Letter Re: Advice on Cash and Weapons While Traveling Overseas

Mr Rawles:
My first family vacation is coming up and we’ll be in New Zealand for three weeks. I’ll be away from my food, guns, ammunition, and assorted survival stash. Add to that that I can’t take more than $10,000 in cash out of the country and can’t take any weapons with me. So, what do you take with you on such a trip? Gold is too heavy. Any ideas on what to bring that won’t weigh me down. Thanks, – S.

JWR Replies: Assuming that your main purposes in carrying cash and/or specie would be 1.) to secure passage back to the U.S. in the event of an international crisis, or 2.) to provide for sustenance in NZ while you wait for a crisis in the U.S. to normalize, then depending on your circumstances I’d recommend that you and your wife each carry a money belt containing (up to but not to exceed): Five circulated gold British Sovereigns (or, if you can’t find Sovereigns, then get 1 ounce gold Australian Kookaburras) 3000 Euros in cash, $2,000 NZD (cash and/or traveller’s checks), and $1,000 USD cash. That would keep the USD value for each of your belts under the $10,000 USD. If you are concerned about customs or immigration officials considering this a “constructive” (additive) violation, then you might carry 1/2 of the amounts mentioned–making the total your whole family will carry under $10,000. (But it is still wise to carry it divided in two separate money belts.) BTW, Euros have been minted in denominations as large as E500, making them quite convenient to carry in a money belt. (But these E500 notes are hard to find. You might have to contact several currency dealers.) Also BTW, Canadian dollars have also been minted in C$500 notes. Those haven’t been printed in decades, and you’ll have to pay a premium for them.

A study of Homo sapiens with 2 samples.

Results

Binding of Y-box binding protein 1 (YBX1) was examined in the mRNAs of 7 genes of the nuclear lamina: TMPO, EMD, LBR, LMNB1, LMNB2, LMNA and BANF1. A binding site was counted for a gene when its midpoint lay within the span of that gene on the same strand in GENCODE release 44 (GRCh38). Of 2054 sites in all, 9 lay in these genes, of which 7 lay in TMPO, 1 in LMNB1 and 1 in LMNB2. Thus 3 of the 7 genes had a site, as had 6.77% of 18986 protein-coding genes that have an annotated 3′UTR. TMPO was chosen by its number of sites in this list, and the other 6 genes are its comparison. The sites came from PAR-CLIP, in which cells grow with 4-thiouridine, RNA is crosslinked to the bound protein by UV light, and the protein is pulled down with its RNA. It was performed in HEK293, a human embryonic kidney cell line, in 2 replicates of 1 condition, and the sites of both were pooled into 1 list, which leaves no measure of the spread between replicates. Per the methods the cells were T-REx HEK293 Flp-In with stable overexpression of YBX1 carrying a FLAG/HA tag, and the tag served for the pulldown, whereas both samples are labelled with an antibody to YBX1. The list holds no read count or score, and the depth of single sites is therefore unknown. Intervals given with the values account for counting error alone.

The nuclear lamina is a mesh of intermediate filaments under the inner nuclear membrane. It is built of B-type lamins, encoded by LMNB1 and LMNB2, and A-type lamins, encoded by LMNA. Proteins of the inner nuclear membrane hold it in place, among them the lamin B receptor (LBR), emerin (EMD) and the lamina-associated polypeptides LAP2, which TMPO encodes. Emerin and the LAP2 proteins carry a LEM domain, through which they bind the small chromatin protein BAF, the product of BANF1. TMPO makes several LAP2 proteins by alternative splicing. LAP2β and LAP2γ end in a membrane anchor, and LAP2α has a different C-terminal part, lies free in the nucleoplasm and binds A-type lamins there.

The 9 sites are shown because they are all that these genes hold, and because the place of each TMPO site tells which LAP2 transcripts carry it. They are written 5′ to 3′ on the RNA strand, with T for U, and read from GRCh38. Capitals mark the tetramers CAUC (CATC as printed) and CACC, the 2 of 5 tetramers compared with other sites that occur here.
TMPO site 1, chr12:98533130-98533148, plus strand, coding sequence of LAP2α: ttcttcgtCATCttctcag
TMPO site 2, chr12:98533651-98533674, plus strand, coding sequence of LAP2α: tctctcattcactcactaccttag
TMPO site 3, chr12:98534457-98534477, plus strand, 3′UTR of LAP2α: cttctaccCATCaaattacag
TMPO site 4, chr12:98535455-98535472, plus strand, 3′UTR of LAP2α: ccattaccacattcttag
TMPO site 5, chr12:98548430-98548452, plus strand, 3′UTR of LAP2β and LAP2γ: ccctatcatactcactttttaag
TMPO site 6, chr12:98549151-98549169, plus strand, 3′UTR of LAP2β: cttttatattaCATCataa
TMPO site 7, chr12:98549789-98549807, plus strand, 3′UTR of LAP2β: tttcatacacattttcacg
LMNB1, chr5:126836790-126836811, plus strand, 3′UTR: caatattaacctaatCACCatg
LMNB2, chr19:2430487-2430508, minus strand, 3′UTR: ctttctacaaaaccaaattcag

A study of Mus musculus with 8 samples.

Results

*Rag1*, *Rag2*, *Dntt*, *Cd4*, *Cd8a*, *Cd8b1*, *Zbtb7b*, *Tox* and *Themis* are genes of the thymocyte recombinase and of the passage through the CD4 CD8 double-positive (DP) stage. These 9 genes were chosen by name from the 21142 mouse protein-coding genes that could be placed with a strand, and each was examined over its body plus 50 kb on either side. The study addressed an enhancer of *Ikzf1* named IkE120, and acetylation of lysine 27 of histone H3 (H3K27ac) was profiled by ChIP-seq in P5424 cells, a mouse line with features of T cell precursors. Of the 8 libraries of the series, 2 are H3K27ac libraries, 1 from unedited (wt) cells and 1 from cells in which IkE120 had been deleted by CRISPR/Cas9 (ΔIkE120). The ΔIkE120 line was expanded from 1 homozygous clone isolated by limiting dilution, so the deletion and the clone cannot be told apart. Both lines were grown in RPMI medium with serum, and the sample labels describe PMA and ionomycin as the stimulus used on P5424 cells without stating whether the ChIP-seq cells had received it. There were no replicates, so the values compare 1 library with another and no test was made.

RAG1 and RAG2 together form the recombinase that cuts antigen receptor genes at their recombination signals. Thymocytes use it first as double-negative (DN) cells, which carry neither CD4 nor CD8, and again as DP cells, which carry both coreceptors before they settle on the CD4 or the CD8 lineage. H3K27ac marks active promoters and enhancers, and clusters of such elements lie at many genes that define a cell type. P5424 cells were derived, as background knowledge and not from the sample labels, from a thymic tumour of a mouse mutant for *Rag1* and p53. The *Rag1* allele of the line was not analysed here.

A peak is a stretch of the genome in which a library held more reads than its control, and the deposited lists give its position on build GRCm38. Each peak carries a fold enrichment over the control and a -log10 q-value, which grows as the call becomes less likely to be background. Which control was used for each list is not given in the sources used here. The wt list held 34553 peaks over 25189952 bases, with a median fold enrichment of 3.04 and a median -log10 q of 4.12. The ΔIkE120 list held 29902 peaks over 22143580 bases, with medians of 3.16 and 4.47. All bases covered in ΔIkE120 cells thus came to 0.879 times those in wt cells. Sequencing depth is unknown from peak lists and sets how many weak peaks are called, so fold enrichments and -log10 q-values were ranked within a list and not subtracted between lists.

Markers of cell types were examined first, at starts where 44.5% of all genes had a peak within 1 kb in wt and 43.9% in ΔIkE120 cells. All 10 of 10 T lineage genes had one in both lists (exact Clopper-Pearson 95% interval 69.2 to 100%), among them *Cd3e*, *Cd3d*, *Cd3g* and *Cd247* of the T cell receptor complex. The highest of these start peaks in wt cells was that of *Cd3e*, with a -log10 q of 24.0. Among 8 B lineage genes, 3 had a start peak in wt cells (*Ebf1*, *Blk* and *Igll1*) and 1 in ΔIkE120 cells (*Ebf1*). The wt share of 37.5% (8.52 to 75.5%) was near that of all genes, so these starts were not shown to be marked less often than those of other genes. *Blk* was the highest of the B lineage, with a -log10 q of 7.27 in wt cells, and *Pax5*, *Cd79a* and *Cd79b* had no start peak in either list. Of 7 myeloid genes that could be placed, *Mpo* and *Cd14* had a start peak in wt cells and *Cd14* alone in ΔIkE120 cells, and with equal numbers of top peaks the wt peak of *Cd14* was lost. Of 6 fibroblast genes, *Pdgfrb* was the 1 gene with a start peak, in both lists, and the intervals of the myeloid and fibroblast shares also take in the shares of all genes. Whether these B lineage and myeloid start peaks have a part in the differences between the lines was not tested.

Once you arrive in New Zealand, leave your money belts in your hotel’s vault, or if they refuse to take responsibility for them, then with a local bank in a deposit box. (Regardless, do so with a signed and countersigned inventory. Carry a separate photocopy of that inventory with you.)

Street crime is not a major issue in New Zealand
, aside for a few neighborhoods in Auckland. But if you have concerns, for self protection while there I’d recommend that you immediately buy a couple of stout Maori tokotoko walking sticks. These are quite nicely carved and will make great keepsakes. (See the previous SurvivalBlog posts on walking sticks for self defense.) OBTW, if you pass though Dunedin (on the Otago Peninsula) and you have a big budget then you might consider investing in a custom damascus Bowie knife made by Richard van Dijk. He does fine work, and his knives are sure to appreciate in value. Have a safe trip!